Why It's Dangerous For Dogs To Eat Gum
You may not think it's a big deal if your dog eats chewing gum, after all, humans swallow gum all the time and it doesn't usually become an issue.
However, xylitol, a common sweetener in sugar-free gum is very poisonous for dogs.
How Much Xylitol Dogs Need To Consume To Get Sick
Xylitol is a low-calorie artificial sweetener found in many brands of chewing gum that is highly toxic to dogs. While not all sugar-free gum is sweetened with Xylitol, if your dog ate a piece of gum off the street there is just no way to know if it includes this toxic ingredient.
Xylitol is so toxic to dogs that just a single stick of gum contains enough of the ingredient to poison a small dog.
Generally speaking, the dose of xylitol needed to cause poisoning in dogs is approximately 0.05 grams per pound of body weight. In most cases, chewing gum contains roughly 0.22-1.0 grams of xylitol per piece! This means that a 10-pound dog could be poisoned by just one piece of gum.
What To Do If Your Dog Eats Gum That Contains Xylitol
If your dog ate gum with Xylitol, they need urgent veterinary care. Take your pup to the nearest emergency animal hospital immediately for urgent care!
What Could Happen To Dogs That Eat Gum With Xylitol
Dogs are the only animals known to have a toxic reaction to xylitol.
Once ingested, xylitol is quickly absorbed into your pup's bloodstream. It only takes 30-60 minutes for the effects of xylitol poisoning to start becoming noticeable. This is why it is imperative to get your dog to the vet immediately if they have eaten gum (or anything else) containing xylitol.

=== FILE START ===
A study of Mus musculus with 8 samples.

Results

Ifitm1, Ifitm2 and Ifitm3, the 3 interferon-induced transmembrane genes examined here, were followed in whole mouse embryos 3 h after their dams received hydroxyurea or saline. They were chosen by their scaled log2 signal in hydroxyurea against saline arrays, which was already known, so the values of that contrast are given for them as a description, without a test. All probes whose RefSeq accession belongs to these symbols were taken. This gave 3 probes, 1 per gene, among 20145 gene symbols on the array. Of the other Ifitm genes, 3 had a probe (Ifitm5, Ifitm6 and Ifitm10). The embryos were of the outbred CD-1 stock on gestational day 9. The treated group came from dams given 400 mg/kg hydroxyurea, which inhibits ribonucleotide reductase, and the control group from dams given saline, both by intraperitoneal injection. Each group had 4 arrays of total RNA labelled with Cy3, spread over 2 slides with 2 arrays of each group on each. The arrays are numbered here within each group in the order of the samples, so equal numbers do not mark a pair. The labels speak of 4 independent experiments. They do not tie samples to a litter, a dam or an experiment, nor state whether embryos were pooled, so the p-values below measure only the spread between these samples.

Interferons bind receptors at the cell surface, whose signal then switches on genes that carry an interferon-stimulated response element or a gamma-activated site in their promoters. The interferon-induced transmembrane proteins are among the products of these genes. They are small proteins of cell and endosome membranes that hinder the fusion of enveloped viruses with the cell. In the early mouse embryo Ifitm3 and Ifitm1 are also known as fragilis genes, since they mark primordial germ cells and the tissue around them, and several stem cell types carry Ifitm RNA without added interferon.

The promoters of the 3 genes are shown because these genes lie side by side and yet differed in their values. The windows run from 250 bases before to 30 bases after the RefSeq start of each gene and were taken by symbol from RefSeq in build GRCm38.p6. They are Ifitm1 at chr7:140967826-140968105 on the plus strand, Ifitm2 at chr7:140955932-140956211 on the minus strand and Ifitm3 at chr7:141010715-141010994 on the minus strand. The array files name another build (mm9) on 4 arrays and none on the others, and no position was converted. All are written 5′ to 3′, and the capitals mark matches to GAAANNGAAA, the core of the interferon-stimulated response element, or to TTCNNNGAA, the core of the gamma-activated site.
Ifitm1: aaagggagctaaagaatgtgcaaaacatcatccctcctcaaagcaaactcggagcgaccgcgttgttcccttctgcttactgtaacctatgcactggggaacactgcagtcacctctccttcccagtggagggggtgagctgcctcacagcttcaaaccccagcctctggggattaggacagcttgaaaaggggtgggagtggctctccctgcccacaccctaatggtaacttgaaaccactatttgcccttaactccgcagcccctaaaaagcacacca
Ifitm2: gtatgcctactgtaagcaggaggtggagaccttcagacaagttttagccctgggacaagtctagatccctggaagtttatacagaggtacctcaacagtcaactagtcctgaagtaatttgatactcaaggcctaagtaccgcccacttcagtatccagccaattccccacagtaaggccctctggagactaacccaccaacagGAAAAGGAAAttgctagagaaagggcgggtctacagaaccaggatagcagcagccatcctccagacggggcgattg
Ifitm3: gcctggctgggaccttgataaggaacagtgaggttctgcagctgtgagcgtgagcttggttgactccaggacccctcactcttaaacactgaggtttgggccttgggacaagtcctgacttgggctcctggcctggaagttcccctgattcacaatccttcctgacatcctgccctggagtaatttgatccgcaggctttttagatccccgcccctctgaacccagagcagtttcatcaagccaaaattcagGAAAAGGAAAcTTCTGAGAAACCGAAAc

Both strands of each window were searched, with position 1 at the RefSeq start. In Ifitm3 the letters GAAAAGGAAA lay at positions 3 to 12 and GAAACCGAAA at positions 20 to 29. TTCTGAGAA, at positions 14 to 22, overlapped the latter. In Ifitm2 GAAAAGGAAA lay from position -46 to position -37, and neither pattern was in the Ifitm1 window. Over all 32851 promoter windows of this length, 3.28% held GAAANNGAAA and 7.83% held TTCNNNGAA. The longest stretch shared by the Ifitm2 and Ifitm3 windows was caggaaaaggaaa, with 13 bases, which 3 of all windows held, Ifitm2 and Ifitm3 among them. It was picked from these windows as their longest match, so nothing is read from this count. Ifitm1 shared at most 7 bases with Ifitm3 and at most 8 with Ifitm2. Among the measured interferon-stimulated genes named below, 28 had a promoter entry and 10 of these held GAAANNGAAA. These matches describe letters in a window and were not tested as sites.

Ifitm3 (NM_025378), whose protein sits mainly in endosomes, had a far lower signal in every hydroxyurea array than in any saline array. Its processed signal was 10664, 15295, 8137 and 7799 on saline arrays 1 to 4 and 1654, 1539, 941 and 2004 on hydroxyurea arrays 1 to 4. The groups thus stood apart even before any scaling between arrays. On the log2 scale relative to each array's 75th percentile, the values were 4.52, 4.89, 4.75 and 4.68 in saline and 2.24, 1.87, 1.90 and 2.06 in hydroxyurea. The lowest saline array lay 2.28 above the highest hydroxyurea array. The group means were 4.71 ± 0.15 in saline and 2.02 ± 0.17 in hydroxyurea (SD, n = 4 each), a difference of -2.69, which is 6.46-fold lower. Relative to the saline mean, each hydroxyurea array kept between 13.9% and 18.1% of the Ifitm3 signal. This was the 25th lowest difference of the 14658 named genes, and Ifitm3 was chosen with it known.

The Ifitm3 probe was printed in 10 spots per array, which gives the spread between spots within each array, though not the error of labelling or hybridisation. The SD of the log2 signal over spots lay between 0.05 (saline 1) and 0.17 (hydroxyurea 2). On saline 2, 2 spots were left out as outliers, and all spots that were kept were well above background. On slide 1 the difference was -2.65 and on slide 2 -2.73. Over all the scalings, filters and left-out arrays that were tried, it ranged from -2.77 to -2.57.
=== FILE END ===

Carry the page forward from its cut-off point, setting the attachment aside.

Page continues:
Xylitol ingestion in dogs usually results in extremely low blood sugar (hypoglycemia) caused by a massive release of insulin into the body. Once this occurs symptoms begin arising such as:
- Pale gums
- Generalized weakness
- Loss of consciousness
- Severe liver damage
How Vets Treat Dog for Xylitol Poisoning
There is no antidote for xylitol poisoning, however, your vet will monitor your pup very carefully for at least 12 hours, paying particular attention to your dog's blood sugar levels and liver function, immediately treating any symptoms that develop. Depending on your dog's symptoms, they may require treatment such as an IV glucose solution for up to two days so their blood sugar levels can be stabilized.
Other Products Containing Xylitol
While this blog is discussing gum, it's important for you to note that xylitol is used in a range of other foods and products that your pup may randomly decide to eat like sugar-free candy, peanut butter, toothpaste, chewable vitamins, nasal sprays, sunscreen, deodorant, baby wipes, hair products, and a variety of human medications.
Contact your vet immediately if your dog eats anything that contains or may contain xylitol.
Is It an Emergency If a Dog Eats Gum That Doesn't Have Xylitol?
Not all brands of sugar-free gum contain xylitol. Sugar substitutes like sorbitol, aspartame, and mannitol aren't considered poisonous for dogs.
However, it is important to note that intestinal blockages are another hazard that is associated with dogs eating gum, particularly large pieces. Monitor your dog carefully for the following signs of an intestinal blockage and contact your vet immediately if symptoms arise.
The signs of an intestinal blockage can take a number of days to become evident and may include vomiting, lack of energy, reluctance to play, abdominal pain, constipation, or loss of appetite.
Note: The advice provided in this post is intended for informational purposes and does not constitute medical advice regarding pets. For an accurate diagnosis of your pet's condition, please make an appointment with your vet.